A brief intervention program – consisting of one counseling session and two follow-up phone calls – boosted by tenfold the number of women correctly performing breast self- exams.
These are the findings of a Kaiser Permanente Center for Health Research study in the American Journal of Health Promotion.
Funded by the National Cancer Institute, this study is one of the first to show intervention programs can be effective in increasing breast self-exams. Most previous studies have failed to show an increase in the number of women conducting BSEs correctly.
This intervention program is a model that can be used to encourage patients' participation in their own health care, and can be modified to educate patients about other self-screening techniques for cancers such as melanoma and testicular cancer, say the researchers.
"Many women avoid breast self-exams because they are worried about doing them correctly; however, our study showed that with a relatively simple intervention, women can learn the proper technique, and once they feel confident they will continue to do their exams." said Nangel Lindberg, Ph.D., lead author and investigator at the Kaiser Permanente Center for Health Research in Portland.
"This is an excellent opportunity for women to participate in their own health care. Self-exams allow women to become familiar with their breasts, so they can report any changes to their health care provider. "
Breast cancer is the most common form of cancer in women. Every year, more than 1 million cases are diagnosed around the world, including more than 200,000 in the United States.
The American Cancer Society estimates that nearly 40,000 American women will die this year from breast cancer.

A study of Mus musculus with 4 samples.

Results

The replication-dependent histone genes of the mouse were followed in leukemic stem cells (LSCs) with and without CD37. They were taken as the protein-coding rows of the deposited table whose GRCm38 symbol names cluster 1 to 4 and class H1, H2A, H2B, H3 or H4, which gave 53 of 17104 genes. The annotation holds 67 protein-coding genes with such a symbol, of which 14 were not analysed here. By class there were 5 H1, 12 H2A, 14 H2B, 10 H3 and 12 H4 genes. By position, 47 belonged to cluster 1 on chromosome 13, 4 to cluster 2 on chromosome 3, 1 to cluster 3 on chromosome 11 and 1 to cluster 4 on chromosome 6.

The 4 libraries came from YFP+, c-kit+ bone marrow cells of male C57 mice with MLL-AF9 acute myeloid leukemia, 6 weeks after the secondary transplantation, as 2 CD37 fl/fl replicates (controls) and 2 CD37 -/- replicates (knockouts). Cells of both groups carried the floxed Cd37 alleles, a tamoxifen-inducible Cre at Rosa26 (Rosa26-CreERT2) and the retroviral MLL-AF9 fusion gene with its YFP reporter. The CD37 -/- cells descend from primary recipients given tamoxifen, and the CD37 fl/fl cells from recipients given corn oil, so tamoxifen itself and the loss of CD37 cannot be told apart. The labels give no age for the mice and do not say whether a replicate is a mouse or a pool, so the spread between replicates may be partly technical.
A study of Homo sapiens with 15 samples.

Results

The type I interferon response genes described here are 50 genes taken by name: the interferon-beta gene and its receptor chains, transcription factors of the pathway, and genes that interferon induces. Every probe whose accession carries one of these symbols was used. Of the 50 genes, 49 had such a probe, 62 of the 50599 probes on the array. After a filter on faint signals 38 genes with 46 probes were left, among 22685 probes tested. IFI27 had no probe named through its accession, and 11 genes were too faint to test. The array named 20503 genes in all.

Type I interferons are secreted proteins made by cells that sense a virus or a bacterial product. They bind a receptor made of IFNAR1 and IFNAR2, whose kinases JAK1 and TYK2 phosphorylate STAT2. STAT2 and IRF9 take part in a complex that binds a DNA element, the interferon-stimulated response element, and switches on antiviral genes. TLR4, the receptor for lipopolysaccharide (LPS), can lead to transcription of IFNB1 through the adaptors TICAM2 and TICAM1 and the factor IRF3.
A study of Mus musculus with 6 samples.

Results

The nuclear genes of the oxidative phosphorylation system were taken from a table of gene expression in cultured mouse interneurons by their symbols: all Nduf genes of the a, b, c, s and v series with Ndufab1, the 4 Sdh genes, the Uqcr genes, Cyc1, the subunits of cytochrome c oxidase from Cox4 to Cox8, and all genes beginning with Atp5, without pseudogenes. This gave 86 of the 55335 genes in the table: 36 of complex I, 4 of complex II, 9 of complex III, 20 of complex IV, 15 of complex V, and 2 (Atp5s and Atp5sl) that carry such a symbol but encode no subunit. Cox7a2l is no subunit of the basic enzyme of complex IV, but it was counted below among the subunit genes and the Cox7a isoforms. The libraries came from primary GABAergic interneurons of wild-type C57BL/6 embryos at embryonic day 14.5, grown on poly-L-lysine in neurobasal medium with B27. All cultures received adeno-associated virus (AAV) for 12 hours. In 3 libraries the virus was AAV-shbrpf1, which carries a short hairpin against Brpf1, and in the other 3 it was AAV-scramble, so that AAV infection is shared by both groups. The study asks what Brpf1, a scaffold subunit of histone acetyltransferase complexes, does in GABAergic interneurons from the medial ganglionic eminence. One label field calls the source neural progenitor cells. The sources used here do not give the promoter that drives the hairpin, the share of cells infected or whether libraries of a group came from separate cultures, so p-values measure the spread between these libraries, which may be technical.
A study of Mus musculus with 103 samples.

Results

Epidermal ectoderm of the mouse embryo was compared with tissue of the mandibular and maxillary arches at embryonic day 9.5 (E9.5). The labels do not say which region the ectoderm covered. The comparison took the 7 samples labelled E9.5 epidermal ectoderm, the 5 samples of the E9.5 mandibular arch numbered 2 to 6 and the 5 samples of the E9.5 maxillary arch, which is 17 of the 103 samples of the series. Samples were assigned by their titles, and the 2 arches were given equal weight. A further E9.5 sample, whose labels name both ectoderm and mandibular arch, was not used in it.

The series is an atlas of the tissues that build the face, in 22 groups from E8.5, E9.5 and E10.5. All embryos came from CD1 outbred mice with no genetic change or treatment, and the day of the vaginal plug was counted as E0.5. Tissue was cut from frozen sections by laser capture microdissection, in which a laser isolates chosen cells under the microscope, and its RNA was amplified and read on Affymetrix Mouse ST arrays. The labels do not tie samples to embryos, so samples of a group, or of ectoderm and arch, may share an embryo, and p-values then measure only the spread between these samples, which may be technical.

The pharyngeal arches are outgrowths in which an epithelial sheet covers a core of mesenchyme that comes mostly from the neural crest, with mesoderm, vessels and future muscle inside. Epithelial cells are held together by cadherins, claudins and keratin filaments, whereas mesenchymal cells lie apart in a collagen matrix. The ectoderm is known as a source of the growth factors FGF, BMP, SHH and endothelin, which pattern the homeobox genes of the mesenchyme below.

This Kaiser Permanente Center for Health Research study, conducted from 1998 through 2001, involved more than 600 women, aged 40 to 70, who had a negative mammogram screening within the last two months.
The women were randomized to a group that received dietary counseling with no mention of BSE, or the study group that received a 30 to 45-minute counseling session in which they watched an educational video, practiced BSE on a silicone model, and discussed possible barriers to doing self- exams.
At one and two months after the session, the women also received follow-up phone calls. Before the intervention about six percent of women in both groups were performing adequate self exams – defined as lasting at least five minutes, occurring every month, and fulfilling specific criteria taught during the counseling sessions.
One year after the program, 59 percent of women in the intervention group were performing adequate self-exams, compared to only 12 percent of women who received dietary counseling.
Early detection is an important factor in the success of breast cancer treatment. While some studies have shown that BSE does not reduce the number of deaths from breast cancer, it may help familiarize women with their normal breast tissue –which aids in identifying new or unusual changes in their breasts. Many experts believe along with regular mammography and clinical breast exams BSE can play an important role in early detection.
Study limitations include the fact that the results are based on self-reported data, and that all the participants in the study had health insurance, so results may not be applicable to populations without health insurance.
Authors include Nangel M. Lindberg, Ph.D., Victor J. Stevens, Ph.D., and K. Sabina Smith, BA, all of the Kaiser Permanente Center for Health Research in Portland.; Russell E. Glasgow, Ph.D., Kaiser Permanente in Denver; and Deborah Toobert, Ph.D., the Oregon Research Institute in Eugene, Ore.